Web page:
This column, “Escape Artist,” is a series about folks who have escaped. More importantly, this biweekly column is for those thinking about trading in their 9-to-5, leg-shackled-to-the-desk existences to forge their own way. The brave outliers featured in this collection of interviews are the digital nomads, the online entrepreneurs, and the lifestyle trendsetters who decided it was time to say to hell with the humdrum and grab life by the roots.
Traveler and writer
runs Twenty-Something Travel
, a lifestyle blog that discusses how Gen-Y and Millennial travelers can find travel advice outside of the traditional “cookie-cutter lifestyle.” Yoder began traveling non-stop since she graduated from college in 2007 and started the website in 2009. In 2016, she’s dishing out advice about how to travel while pregnant — and transitioning into your 30s.
The “escape the 9-to-5” mentality is becoming more popular. What are your impressions?
Steph Yoder I think the ability to work online has made it more possible than ever to check out of the office lifestyle. People are starting to realize they have options and that some of those options are a lot more attractive than what used to be available.
What was the “aha” moment that sparked ongoing travel for you?
SY I took a trip to Iceland with a girl friend and had the most amazing week driving around the country and discovering amazing scenic areas. I was really not feeling fulfilled in my job or life in general, and as I sat on this black sand beach, it hit me that “I should be doing more of this.” After that it was just a question of how to actually make that happen.
What inspired you to start blogging, and how did you first build a following?
SY After I decided I wanted to quit my job and backpack around the world for a year, I realized it was going to take some time to save up the money to make it happen. I needed a way to keep motivated. I’ve always loved to write, so blogging seemed like a natural outlet. Nobody was more shocked than me when people started reading! I think the market was a lot less saturated then, and the ideas and beliefs I was putting out there really resonated with certain people.
Why did you decide to focus on the “Twenty-Something Travel” brand and niche?
SY When I started, I didn’t even know what a niche was, so it was kind of a happy accident!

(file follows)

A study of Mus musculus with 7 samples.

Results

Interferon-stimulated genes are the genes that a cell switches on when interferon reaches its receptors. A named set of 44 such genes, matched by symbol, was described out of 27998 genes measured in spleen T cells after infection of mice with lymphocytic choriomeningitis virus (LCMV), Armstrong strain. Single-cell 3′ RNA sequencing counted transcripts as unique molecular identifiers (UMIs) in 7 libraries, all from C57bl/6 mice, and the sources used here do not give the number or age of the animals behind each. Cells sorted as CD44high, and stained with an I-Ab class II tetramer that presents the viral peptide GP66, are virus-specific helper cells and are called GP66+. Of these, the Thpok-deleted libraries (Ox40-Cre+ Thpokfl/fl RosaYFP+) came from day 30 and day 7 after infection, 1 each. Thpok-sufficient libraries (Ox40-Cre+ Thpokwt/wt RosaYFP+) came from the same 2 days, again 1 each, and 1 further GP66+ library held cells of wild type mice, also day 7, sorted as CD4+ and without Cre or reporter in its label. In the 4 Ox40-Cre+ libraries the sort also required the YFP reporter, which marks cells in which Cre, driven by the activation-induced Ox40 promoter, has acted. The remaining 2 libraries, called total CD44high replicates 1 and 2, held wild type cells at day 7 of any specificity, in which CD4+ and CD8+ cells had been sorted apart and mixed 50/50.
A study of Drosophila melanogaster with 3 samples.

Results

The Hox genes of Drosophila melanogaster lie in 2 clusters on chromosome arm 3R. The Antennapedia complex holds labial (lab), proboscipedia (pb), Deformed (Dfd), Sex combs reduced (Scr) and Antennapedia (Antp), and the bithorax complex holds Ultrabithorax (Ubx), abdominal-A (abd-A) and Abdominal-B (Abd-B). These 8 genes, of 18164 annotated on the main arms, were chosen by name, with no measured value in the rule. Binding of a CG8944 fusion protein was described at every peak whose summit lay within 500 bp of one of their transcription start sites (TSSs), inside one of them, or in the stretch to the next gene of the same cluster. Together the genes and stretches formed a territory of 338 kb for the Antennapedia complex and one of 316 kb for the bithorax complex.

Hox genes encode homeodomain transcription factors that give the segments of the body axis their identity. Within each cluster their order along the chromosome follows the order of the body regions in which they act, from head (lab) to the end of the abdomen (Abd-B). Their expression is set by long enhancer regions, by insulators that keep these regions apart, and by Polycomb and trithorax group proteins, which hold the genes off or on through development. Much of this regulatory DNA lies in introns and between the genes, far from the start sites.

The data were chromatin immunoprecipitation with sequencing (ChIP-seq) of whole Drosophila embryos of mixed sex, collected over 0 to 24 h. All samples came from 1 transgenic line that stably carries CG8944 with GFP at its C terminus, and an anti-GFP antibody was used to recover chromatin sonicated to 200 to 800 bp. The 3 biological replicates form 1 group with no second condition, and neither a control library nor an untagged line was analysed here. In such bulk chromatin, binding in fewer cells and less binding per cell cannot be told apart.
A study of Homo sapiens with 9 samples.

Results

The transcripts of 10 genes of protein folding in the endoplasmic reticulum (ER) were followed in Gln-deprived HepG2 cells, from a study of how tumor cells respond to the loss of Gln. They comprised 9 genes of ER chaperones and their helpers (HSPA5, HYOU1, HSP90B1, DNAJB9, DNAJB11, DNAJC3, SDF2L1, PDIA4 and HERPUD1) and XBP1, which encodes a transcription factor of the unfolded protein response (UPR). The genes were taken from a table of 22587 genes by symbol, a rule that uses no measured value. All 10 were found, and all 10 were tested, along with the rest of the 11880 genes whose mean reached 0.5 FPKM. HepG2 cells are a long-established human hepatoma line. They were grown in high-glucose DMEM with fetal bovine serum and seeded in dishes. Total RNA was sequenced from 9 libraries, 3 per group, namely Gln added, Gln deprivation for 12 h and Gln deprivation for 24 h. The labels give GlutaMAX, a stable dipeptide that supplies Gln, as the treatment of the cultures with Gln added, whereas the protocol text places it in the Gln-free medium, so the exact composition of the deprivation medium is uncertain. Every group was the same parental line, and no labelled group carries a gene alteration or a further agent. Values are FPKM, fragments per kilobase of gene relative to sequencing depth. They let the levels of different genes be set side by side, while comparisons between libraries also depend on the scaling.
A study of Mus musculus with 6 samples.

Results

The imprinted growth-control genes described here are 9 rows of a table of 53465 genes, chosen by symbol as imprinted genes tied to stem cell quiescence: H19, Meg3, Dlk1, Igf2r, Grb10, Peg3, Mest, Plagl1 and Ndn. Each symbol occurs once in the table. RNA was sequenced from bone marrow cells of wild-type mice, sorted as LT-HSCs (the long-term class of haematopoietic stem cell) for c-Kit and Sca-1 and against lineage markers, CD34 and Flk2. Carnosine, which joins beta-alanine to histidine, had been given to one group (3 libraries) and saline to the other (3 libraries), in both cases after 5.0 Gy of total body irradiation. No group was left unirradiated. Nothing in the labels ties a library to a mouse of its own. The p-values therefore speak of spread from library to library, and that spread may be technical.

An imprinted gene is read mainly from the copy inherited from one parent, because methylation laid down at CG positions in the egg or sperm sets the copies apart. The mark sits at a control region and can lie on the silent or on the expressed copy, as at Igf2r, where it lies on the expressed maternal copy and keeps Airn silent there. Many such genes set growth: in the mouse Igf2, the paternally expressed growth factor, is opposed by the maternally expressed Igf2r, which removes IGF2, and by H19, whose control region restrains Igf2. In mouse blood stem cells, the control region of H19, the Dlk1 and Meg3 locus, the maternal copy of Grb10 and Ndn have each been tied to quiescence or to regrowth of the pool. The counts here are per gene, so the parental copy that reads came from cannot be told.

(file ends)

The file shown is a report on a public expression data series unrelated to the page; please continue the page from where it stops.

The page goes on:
I had spent some time living abroad and had seen how much more acceptable and almost expected it was for twenty-somethings in Europe and Australia to take time off to travel. In the United States, there is a lot more pressure to start building your career right away, and travel is seen as frivolous. I didn’t know anyone else in their mid-20s who was doing what I was, and a lot of people seemed to think it was out of their reach. I wanted to demonstrate to other Americans how to take a career break and why traveling in your 20s could be beneficial long term.
Now you’re settled in Seattle and expecting a baby (congrats!) but still maintain the blog and prioritize travel. What is most important to you to focus on now with travel?
SY Yeah, there have been a lot of changes already this year! I’m really pushing the limits of writing a blog for twenty-somethings, seeing as I’m actually 31 now. My goal is still pretty similar though: to prove that you can make travel a priority in your life at any age. The next big challenge will be learning to travel with this baby.
The “dream job” and “travel blogging” mentality is becoming more popular. Does the market seem saturated, and how do you stay connected with your followers?
SY It is an extremely saturated market these days. When I started my blog in 2009, it was much easier to get a foothold in the industry, as the industry barely existed. But now anyone with an Internet connection can start a blog, which is wonderful, but also terrible as it gets harder to find the quality content in a crowded space. I do think quality writing is the key. The most successful travel bloggers aren’t necessarily writing about flashy locations or glamorous adventures, they are simply writing good, honest material that people can connect with on a personal level.
What’s one tip you have for readers who want to live a life like yours?
SY Be realistic about what that life actually looks like. Instagram only shows one side of the story — the most photogenic side. For every stunning mountain vista or beach shot, there is actually a lot of desk time and hard work that goes alongside it. Anyone can break free from the 9-to-5, but you still have to put in the work.
What are you most excited to focus on in 2016?
SY For me, the second half of 2016 is going to be about restructuring my website so it’s more inclusive of travel past your 20s. As I and other millennials start edging into our 30s, I want to show the many options we still have to see the world.
Carolyn Crist is a freelance journalist based in Georgia. She writes about travel, health and business for regional and national publications.